Some advice I have always given when it comes to shooting weddings, aside from having a secondary camera (in case one breaks) has been to keep the size of flash cards relatively small, forcing you as a photographer to swap cards regularly. Should a card corrupt whilst shooting, only a small subset of images will be lost. This approach certainly has its drawbacks though, chief-among-which is that of needing to swap cards at in-opportune moments. One of the cameras I use (my main camera) takes two cards, and switching between them is a breeze. The other, however, does not. In order to get around this issue, I purchased another couple of cards prior to the most recent wedding that I had to photograph. I deliberately stuck to a brand that I knew well; Lexar Professional, buying an 8GB Compact Flash card for one camera and an 8GB SD card for the other.
Despite trying both these cards in their respective cameras prior to the wedding itself, when I came to copy the images I had taken on both cameras, the computer refused to download the images and removed them from the flash drives. With the CF card, a file for every image was downloaded, but instead of being around 12MB in size they were around 800KB in size and completely useless. The SD card did not even download files but still caused the contents of the disk to be wiped.
The contents of these two cards represented a decent 95% of all the photos I had taken during the day. Without them, the images I had managed to download from another card would count for naught. The only option I had was to crack out the image recovery software. Lexar cards come with a free download of their recovery tool; ImageRescue (priced at $33.99 if purchased from Lexar). I made use of one of the codes supplied with the new cards to start the recovery process on the CF card. The process is naturally quite slow, but eventually, to my great relief, the images were all recovered, with only one raw file having been corrupted.
Based on that success, I plugged the SD card into the computer and began the recovery process, only to find disappointment, when the application could not recover the images. Instead, a file was recovered for every file that should have been on the disk, but these, too, were only a few-hundred KB big (instead of the expected ~16MB raw files). At this point I was really beginning to get worried – I had tried the card in three different memory card readers, all with no success. A few days prior to this happening, I had read an article about image recovery using Photorec; a command-line open-source (free) application for image recovery, so decided to give this tool a go. Being a command-line tool, it’s arguably not the most intuitive tool to use, but there is a decent step-by-step guide. To my great relief (after a bit of to-ing and fro-ing), the tool began to recover files off the card. Looking at the size of the files, they looked correct at around 16MB each. Phew.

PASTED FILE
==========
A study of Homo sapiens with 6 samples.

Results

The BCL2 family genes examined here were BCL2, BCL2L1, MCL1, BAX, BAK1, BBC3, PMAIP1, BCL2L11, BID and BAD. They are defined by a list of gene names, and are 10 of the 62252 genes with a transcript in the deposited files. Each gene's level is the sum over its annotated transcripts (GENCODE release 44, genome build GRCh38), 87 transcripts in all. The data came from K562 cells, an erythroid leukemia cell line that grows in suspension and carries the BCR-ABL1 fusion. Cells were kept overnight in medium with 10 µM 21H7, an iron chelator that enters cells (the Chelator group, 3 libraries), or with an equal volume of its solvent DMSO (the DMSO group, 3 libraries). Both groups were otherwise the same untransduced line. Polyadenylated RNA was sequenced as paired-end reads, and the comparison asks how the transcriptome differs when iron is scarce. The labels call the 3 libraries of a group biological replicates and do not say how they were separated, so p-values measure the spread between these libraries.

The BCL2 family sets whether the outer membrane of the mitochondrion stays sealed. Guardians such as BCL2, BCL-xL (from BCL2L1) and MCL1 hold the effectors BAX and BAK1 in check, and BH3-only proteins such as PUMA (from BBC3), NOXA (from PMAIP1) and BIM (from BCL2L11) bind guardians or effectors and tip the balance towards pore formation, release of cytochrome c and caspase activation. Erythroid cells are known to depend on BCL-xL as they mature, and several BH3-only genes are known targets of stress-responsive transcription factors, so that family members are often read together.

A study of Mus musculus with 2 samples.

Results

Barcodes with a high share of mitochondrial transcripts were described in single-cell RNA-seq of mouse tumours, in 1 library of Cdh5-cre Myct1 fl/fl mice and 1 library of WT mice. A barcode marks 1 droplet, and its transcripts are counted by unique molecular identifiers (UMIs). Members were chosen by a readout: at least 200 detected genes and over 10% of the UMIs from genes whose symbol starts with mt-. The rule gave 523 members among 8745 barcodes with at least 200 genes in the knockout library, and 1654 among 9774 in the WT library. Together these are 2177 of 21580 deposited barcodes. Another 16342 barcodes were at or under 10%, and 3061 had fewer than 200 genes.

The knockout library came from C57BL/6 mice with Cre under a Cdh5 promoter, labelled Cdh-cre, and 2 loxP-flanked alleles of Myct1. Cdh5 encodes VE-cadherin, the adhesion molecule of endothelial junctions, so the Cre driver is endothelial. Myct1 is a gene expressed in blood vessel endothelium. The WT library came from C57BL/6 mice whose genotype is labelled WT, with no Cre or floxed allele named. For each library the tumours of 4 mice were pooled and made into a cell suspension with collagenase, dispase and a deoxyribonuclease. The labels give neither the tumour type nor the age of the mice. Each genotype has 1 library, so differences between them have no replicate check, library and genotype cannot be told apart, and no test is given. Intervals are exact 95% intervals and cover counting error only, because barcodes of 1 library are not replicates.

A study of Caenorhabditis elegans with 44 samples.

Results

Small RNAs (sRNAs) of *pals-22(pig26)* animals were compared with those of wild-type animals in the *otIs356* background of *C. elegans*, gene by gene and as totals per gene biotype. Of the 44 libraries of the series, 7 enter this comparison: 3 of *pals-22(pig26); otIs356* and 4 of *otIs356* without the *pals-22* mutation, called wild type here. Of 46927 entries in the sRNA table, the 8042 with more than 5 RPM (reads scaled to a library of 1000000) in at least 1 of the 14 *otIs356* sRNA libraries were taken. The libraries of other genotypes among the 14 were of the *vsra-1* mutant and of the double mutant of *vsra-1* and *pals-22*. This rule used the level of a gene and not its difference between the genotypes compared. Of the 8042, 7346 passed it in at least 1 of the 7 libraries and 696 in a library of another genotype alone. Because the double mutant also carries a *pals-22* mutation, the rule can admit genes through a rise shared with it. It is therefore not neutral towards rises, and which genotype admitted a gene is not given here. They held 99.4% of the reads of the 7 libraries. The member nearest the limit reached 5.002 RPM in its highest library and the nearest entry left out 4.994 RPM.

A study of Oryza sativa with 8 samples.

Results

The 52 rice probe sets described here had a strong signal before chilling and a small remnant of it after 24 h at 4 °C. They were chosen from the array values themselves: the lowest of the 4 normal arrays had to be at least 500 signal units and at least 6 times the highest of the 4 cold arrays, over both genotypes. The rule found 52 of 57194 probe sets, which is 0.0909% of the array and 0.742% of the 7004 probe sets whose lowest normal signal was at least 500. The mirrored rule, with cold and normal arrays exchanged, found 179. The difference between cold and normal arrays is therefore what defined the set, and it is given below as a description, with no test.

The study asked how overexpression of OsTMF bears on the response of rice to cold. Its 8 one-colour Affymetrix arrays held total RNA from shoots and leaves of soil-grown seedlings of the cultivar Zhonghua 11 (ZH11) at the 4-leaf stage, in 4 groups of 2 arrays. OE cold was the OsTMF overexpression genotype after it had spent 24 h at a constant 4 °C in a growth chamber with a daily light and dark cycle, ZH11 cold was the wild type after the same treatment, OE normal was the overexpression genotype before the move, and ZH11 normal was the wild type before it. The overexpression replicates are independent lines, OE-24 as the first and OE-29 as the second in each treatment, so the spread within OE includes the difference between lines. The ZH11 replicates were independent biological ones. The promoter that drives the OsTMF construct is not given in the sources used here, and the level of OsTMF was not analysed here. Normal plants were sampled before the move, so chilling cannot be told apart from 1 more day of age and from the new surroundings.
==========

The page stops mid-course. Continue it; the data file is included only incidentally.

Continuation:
Photorec recovered the images as ‘sr2’ files – I assumed this stood for something like Sony Raw and so thought nothing of needing to change the extension back to the standard ARW extension. I loaded the photos from the PC that had been used to recover the images on to my laptop to begin processing them, only to find that every time my editing software tried to load the images, they looked like they were completely corrupt – every image looked the same. Once again, my heart sank! I began investigating tools that might be able to lift the full-size jpg embedded in the raw files out as the image previews were showing correctly. I found a few that looked as though they would offer this functionality, but none were successful at doing so. After all these failed attempts, I had virtually given up hope of recovering these images, until I tried opening one of them using Shotwell – an awful photo management application in Ubuntu.
Despite what I feel about this application, it has turned out to completely save my skin, as it successfully loaded the raw file, and allowed me to save out a full resolution jpg. This got me wondering whether AfterShot was just getting confused as a result of the file extension. I renamed all the files from .sr2 to .arw and imported them into AfterShot once more, this time much happier to see that all the files loaded correctly, thumbnailed and successfully loaded the full-res raw file to the screen. What a relief following some very stressful hours.
At the moment, I have absolutely no clue whatsoever what caused the corruption. The fact that it happened on two different cards, written to by two different cameras make the whole subject very confusing. I will have to experiment some more to try and see whether there is something wrong with the cards, or whether the fault lies elsewhere in the process. Both cards were formatted by the cameras before I began using them.